BOSTON, MA, Curoverse announced today the company has raised $1.5 million to accelerate development of the Arvados free and open source software platform.
Curoverse announced today the company has raised $1.5 million to accelerate development of the Arvados free and open source software platform for genomic and biomedical big data and to deliver new products based on the platform.
Arvados is a computational storage platform designed for the biomedical industry. The first deployment of Arvados runs a private cloud with 300 TB of storage and 500 cores that is used for genomic analysis at the Harvard Personal Genome Project and for research work at Harvard Medical School.
'Responding to explosive growth in genomic and biomedical data, research and clinical labs are turning to technologies that have made web-scale computing possible, but existing solutions are failing to address the complex needs of the biomedical industry,' said Adam Berrey, chief executive officer of Curoverse. 'We are enabling a new generation of bioinformatics computing systems with a complete stack of commercially-supported, community-driven, open-source technologies that apply elastic computing and big-data strategies to the unique requirements of genomic research and precision medicine.'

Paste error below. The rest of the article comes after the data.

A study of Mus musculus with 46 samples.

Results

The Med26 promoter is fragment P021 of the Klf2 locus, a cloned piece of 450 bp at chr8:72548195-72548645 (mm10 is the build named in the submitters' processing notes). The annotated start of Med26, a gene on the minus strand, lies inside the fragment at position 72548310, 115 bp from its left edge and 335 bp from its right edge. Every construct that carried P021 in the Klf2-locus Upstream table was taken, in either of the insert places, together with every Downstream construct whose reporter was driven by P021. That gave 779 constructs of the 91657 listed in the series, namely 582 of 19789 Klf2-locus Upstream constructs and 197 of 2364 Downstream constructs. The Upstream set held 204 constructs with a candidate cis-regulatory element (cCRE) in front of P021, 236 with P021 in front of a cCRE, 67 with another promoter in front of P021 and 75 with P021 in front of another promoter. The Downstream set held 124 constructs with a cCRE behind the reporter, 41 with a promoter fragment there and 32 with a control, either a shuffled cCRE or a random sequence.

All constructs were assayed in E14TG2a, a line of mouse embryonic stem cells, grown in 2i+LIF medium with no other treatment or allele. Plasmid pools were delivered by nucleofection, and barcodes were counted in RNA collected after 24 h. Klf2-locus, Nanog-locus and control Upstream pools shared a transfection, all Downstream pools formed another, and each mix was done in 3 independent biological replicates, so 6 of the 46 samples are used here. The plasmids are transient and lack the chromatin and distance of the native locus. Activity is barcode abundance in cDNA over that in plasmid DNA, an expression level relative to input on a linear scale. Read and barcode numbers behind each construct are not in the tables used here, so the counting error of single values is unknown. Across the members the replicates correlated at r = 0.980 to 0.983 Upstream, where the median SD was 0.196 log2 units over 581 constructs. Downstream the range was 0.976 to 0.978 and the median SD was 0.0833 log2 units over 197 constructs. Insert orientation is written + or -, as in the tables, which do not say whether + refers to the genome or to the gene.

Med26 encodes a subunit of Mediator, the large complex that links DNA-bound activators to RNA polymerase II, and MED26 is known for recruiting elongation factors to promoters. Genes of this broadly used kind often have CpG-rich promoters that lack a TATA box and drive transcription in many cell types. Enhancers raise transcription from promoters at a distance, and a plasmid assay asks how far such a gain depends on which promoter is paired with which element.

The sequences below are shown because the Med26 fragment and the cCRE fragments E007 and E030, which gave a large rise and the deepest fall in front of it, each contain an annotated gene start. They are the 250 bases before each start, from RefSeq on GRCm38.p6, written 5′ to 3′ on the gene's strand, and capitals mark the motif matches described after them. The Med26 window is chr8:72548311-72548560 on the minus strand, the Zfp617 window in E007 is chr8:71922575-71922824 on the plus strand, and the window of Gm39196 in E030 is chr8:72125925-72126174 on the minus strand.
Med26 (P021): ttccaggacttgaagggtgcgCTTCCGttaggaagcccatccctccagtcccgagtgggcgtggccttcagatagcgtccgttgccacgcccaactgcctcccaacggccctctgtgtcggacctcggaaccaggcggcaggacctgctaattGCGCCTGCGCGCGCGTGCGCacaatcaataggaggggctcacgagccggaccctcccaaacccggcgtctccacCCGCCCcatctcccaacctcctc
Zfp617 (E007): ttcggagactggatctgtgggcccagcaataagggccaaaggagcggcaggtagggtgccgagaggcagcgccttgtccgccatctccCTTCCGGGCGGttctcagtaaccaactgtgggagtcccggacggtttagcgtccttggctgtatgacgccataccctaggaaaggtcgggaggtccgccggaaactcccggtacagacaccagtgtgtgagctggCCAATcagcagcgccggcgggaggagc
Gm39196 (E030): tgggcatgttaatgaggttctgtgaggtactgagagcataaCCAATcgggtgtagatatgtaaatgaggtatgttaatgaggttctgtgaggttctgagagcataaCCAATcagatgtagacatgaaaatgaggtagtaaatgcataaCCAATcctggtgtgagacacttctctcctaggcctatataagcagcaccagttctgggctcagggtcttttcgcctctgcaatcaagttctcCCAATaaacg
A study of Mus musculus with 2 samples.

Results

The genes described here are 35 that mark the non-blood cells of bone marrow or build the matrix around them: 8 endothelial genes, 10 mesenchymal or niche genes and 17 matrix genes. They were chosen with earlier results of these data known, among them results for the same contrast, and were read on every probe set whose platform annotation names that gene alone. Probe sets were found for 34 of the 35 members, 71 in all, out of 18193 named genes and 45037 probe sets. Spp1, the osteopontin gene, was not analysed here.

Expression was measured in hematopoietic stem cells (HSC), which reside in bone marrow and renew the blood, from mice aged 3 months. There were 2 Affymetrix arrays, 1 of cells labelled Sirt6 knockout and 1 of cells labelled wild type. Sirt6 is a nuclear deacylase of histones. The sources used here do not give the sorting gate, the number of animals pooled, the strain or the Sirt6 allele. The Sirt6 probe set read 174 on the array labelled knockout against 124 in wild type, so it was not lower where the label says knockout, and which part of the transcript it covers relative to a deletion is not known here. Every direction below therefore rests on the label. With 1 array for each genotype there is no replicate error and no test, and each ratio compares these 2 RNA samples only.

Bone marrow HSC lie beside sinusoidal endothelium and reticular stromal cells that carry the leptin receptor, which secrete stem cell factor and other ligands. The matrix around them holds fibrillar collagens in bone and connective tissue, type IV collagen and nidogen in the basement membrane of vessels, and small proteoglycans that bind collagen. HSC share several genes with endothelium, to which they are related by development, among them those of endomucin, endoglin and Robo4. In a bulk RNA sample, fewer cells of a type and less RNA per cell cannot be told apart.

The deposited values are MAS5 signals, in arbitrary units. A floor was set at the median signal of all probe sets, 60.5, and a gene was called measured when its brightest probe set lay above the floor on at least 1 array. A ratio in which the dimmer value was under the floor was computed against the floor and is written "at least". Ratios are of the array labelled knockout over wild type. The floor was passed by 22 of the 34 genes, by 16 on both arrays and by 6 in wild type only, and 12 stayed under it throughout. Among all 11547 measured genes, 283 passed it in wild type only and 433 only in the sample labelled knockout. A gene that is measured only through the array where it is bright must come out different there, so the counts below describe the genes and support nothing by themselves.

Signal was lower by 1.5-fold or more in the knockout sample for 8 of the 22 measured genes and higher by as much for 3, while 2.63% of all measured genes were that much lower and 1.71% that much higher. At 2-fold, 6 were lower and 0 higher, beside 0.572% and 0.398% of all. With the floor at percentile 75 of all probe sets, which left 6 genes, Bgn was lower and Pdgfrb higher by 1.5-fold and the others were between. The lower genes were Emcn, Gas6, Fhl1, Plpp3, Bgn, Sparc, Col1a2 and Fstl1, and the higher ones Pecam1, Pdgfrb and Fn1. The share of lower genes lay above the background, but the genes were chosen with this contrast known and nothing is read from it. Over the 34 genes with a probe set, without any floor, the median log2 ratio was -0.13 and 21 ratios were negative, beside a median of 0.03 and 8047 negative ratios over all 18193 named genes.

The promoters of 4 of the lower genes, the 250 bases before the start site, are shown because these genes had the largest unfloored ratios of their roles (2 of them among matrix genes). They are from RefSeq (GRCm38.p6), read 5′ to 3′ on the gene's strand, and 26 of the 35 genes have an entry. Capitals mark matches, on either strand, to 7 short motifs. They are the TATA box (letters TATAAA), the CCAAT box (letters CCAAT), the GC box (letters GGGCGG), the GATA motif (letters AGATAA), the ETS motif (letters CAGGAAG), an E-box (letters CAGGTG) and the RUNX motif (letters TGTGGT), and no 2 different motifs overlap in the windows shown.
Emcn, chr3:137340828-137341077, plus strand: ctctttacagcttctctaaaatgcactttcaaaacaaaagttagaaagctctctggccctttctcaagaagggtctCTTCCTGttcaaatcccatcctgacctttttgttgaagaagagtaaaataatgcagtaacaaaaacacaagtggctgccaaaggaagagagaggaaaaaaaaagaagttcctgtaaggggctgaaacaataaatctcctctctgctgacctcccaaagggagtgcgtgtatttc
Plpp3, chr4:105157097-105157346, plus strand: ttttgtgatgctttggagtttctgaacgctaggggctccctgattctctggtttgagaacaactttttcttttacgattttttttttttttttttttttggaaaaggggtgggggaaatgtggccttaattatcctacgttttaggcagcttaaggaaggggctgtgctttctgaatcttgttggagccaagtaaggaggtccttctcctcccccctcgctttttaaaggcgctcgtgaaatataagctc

Arvados was originally developed by a team of scientists and software engineers led by Alexander Wait Zaranek, Ph.D. in the Church lab at Harvard Medical School. The platform includes a content addressable distributed storage system and a computational management system designed to make complex analyses easily reproducible.
'Translating the innovations in genomic sequencing into meaningful medical care will require transparent informatics resources that combine open source software and public domain datasets,' said Dr. George Church, professor of genetics at Harvard Medical School. 'The Arvados software and the data collected through Personal Genome Projects can be a foundation for the development and delivery of precision medicine in cancer, neo-natal care, inherited diseases, pharmacogenomics, and a variety of other applications.'
The series seed financing round included investments from Hatteras Venture Partners, Point Judith Ventures, Common Angels, MassVentures, and Boston Global Ventures.
'For the last several years we have closely followed the market for bioinformatics platforms that address new challenges created by next-generation sequencing and biomedical big data,' said Clay Thorp, general partner at Hatteras Venture Partners. 'Curoverse has a clear strategy to use open source technology with a unique go-to-market model that is well-aligned with the needs of research and clinical customers.'
Curoverse is available today through a private beta program. The company plans to release their first commercial products in 2014. The Arvados software is available at http://arvados.org.
Curoverse is a venture-backed startup developing computational storage infrastructure for a new era of precision medicine driven by genomic and biomedical big data. Based in Boston, Curoverse is a major contributor to the Arvados free and open source software project. Curoverse was formerly known as Clinical Future, Inc. More information is available about the company at http://curoverse.com.